One of the senior commissioners in the European Commission has said food security is not a major concern for the EU. Speaking in Brussels on Monday, European Commissioner for the Environment Virginijus Sinkevicius told MEPs on the EU’s agriculture committee that he believes food security is not a major concern for the EU.
"Other challenges dominate our food systems such as food waste, overconsumption, obesity, and its overall environmental footprint," said Sinkevicius, who previously spent three years as deputy leader of the Lithuanian Farmers and Greens Union.
While not wholly unexpected, it is still surprising for a senior commissioner in Europe to make such a statement given the history of the European project. After all, it’s not so long ago that Europe was a continent on the brink of starvation after World War II.
The Common Agricultural Policy (CAP) was first established to incentivise food production across Europe in order to provide adequate food for the millions of Europeans that went to bed hungry every night.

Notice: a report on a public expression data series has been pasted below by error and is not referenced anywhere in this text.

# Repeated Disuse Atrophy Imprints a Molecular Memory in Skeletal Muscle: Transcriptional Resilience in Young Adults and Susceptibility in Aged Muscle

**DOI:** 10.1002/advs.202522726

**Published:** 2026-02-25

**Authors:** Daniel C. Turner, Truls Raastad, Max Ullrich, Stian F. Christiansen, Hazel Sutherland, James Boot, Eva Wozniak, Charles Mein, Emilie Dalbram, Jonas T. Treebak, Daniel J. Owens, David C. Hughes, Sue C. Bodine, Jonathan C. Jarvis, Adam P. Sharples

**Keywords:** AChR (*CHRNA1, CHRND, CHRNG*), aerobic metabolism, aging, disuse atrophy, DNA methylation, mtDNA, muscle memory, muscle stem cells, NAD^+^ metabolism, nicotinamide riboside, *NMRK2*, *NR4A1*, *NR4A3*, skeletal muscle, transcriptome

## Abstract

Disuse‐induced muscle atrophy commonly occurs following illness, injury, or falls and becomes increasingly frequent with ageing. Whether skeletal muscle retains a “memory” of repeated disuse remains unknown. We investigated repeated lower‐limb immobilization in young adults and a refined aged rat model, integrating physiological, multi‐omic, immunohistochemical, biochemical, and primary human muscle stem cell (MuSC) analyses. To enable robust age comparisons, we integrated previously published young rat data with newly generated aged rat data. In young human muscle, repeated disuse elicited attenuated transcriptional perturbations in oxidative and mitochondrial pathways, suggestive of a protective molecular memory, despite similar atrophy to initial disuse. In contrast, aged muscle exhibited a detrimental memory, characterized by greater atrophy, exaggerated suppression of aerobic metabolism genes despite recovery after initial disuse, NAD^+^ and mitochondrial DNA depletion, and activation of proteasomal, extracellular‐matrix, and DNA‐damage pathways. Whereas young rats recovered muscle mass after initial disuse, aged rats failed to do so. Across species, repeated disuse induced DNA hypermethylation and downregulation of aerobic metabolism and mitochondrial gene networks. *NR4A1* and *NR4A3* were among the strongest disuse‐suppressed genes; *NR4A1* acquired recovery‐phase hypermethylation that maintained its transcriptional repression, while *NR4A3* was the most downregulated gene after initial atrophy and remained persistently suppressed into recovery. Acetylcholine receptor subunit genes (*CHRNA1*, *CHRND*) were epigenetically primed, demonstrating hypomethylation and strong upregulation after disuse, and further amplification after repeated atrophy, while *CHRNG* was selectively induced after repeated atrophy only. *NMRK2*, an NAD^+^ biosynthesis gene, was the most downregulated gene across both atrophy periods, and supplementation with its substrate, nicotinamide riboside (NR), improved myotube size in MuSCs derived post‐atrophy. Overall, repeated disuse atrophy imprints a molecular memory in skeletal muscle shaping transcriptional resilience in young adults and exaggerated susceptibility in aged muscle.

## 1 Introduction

And while Europeans have since become some of the wealthiest consumers on the planet, food insecurity is still a major challenge for many sections of society in Europe, according to the UN’s Food and Agriculture Organisation (FAO).
The old saying that eaten bread is soon forgotten couldn’t be more appropriate for many of the policymakers in Brussels today. At a time when global food insecurity is rising and more than 820m people will go to bed hungry tonight, the European Commission is telling its farmers and food producers to ease back on production and pivot to organic forms of food production, which will mean a significant reduction in output.